If the words corneal topography make you think of maps, your instincts are right on. The corneal topography of your eyes is a map of the surface of your corneas: how they curve, whether they're even, and if any irregularities show up.
WHY DO DOCTORS USE CORNEAL TOPOGRAPHY?
Corneal topography is measured with a computerized mapping tool that determines the curvature of the cornea's surface. Because the cornea takes care of about 70 percent of the eye's refraction, a cornea that's rounded evenly is important for healthy vision. Corneal topography helps eye doctors determine when a patient's cornea is misshapen, and it can detect results that other testing methods don't catch.
HOW DOES THE MAPPING WORK?
WHAT IS AN ABNORMAL CORNEA?
Corneal topography technology detects corneas that are abnormally curved. That can mean they curve more steeply than normal, are flatter than normal, or are asymmetric in some way. Abnormal corneas may develop over time due to eye injury or disease, which is why it's important to get a corneal topography test every time you go to the eye doctor.
WHY HAVE YOUR CORNEAS MAPPED?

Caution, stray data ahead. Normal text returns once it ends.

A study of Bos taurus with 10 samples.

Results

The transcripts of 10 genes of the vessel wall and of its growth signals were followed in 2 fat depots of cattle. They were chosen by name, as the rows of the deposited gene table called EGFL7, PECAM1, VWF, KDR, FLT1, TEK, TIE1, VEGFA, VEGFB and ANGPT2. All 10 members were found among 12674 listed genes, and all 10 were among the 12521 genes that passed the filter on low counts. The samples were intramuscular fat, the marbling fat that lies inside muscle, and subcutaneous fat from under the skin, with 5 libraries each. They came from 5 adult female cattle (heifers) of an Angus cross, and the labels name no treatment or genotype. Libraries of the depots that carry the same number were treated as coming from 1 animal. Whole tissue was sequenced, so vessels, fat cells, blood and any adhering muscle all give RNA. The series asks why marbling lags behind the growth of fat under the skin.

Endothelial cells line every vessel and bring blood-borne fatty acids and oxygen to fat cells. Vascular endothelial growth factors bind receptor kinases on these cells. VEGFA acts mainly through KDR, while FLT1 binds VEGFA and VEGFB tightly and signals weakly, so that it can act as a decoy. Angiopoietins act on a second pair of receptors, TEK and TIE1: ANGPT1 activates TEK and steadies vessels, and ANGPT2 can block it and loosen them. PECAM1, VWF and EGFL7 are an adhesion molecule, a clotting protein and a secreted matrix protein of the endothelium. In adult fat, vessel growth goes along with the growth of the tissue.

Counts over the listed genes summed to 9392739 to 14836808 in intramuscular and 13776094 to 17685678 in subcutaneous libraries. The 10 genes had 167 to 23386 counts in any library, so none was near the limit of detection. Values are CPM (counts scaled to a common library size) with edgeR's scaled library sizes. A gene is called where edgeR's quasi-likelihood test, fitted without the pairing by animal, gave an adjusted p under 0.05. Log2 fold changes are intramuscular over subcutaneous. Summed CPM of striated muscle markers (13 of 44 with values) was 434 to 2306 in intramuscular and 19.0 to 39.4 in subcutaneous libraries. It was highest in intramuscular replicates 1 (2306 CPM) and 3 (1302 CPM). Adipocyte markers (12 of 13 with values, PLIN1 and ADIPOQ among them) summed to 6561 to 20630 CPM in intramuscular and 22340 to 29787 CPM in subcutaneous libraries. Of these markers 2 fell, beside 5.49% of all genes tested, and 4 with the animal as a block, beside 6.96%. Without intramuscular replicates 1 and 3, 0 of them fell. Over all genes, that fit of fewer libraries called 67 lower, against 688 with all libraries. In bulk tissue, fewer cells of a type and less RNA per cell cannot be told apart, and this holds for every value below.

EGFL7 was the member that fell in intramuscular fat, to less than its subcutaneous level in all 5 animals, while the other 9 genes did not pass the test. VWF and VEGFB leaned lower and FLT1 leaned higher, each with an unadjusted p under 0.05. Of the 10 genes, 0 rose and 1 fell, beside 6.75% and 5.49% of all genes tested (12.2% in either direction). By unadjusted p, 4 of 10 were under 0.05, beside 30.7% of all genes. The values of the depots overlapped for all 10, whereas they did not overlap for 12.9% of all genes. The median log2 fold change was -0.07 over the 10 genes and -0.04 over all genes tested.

If you wear contact lenses, chances are you've stared into a corneal topography machine. Most eye doctors use corneal topography to help fit contacts correctly. Similarly, if you have LASIK or are looking into LASIK, the eye doctor will use the corneal topography machine to help determine how the LASIK surgery is going to go. In laser eye surgery cases, the corneal topography results combine with other tests to determine the overall surgery path. Corneal topography results can help doctors diagnose many issues, from corneal abrasions to diseases like keratoconus, which happens when the center of the cornea begins to thin and form an outward bulge. In cases of complex problems like keratoconus, corneal topography is just one test eye doctors use to find the disease and figure out how severe it is. Corneal topography maps also monitor the amount of astigmatism that sometimes occurs after corneal transplants or cataract surgery. Getting the corneal topography of your eyes measured is important, which is why you should see your eye doctor regularly even if you don't have poor vision. Plus, the machine doesn't touch your eye, and the picture is over in seconds, so it's a quick and easy test. Eye health is measured by more than just whether or not you can see 20/20 without correction, so make sure you're taking care of your eyes.